Will Morrow (courtesy)

Will Morrow (courtesy)

If the shoe fits

Alaska is a footwear-intensive place to live

For years, I’ve been able to blame the piles of shoes by the door on the kids.

Except the kids are now gone, off to college, and the pile of shoes by the door is still there. Maybe it’s time to look at my own two feet. In fact, if you were to look at the various entry points around the house, you might guess that I have significantly more than two feet.

In my defense, Alaska is a footwear-intensive place to live. I mean, it’s not like I’m Carrie Bradshaw with the latest pair of Manolo Blahnik pumps.

For example, I have three pairs of winter boots — you know, for cold, colder, and coldest conditions. There’s cross-country ski boots for skate and classic skiing. Then there’s Xtratufs for breakup season, and hiking boots for summer excursions.

Of course, you don’t always need hiking boots to hike; so I have some lightweight trail shoes, too.

And that’s just the boots. I have all sorts of other shoes for biking, jogging (let’s not pretend that what I occasionally do could be considered running), working in the yard, working out, going to work, and putting on when I get home from work. And then there’s that one pair of shoes that I’ve been saving to do a chore that, immediately after, will require that the shoes just be thrown away.

There are also shoes that, at this point, could best be described as ornamental. I have a nice pair of dress shoes that I got to go with the suit I wore at my brother’s wedding. The shoes now get worn every two years or so, and the suit even less frequently — I think the last time I even took it out of the closet was 2014.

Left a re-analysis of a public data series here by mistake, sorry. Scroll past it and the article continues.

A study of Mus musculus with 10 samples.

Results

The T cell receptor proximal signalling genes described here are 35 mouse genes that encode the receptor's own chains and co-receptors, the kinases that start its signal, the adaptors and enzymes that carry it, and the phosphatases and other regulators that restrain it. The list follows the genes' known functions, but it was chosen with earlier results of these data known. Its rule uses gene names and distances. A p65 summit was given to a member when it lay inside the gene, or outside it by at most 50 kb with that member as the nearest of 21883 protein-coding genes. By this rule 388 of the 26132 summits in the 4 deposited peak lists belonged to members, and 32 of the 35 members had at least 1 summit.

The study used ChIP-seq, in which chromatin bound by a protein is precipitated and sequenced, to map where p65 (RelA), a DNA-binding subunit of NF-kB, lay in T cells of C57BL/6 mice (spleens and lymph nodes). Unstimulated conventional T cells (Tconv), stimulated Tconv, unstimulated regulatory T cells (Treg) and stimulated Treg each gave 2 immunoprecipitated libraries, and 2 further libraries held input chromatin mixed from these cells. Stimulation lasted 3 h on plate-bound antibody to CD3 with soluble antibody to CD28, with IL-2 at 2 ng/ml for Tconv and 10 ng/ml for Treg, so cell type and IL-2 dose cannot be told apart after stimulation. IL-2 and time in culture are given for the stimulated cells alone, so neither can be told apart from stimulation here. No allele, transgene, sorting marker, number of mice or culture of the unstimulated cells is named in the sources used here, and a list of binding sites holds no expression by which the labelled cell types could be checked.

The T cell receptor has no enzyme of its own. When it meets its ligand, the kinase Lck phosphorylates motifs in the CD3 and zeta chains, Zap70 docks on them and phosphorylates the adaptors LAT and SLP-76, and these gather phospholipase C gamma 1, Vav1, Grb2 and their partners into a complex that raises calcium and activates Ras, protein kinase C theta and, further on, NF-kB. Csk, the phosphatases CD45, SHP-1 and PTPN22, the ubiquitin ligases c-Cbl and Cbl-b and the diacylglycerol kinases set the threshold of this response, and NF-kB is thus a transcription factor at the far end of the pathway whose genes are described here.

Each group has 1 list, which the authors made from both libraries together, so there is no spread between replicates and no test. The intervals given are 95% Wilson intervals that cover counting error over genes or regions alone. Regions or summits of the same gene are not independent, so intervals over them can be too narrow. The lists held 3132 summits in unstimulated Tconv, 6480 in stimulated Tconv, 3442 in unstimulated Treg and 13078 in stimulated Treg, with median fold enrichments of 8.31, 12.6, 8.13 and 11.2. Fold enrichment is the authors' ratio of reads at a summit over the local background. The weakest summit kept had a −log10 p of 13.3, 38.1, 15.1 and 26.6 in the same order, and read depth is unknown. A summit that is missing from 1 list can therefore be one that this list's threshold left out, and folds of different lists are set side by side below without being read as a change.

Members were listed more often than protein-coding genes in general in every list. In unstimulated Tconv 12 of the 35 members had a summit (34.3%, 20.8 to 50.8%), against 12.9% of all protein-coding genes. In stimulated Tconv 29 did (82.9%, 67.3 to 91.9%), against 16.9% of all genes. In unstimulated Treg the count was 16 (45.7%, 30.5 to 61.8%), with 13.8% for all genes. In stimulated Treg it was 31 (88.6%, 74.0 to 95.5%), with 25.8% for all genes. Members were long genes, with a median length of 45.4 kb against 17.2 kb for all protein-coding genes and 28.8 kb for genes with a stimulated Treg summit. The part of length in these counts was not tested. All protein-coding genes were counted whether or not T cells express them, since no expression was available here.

There’s also a stack of shoes that aren’t worn out, but might be out of style, like my 1990s Doc Martens. I’d break them out of the closet, but I’m not sure they go with my 2022 dad jeans.

I think it might be time for me to take a Marie Kondo approach to my footwear.

When I was in elementary school, I made do with just one pair of shoes — two, if you counted galoshes, but those were worn over my other shoes. Every few months, my mom would load me and my siblings up in the family van, and we’d head over to the local shoe store. The trip usually coincided with someone’s toes wearing through the end of their shoes. We’d get to check out the display of kids’ shoes — Zips were the featured brand — pick out some new kicks. We always got them a size big so we’d have “growing room.”

Anyway, that pair of shoes was good for everything, from school to sports to the outdoors and everything in between. School picture day? Kickball on the playground? Youth basketball? Soccer or baseball? Camping and hiking? One shoe to rule them all.

I don’t think I can get back down to just one pair of shoes again. But I can probably part with the track spikes from high school and the soccer cleats from college. And seeing as I haven’t gotten to that chore that will ruin a pair of shoes, I can probably just throw that pair away now. By the time I get to it, I’ll have another old, worn out pair ready to go.

The Doc Martens, however, will have to stay. As Marie Kondo would say, they still spark joy. And the retro look will come back sooner or later, right? What’s more, they still fit.

And if the shoe fits, I’ll wear it.

Will Morrow lives in Kenai. Email him at willmorrow2015@gmail.com.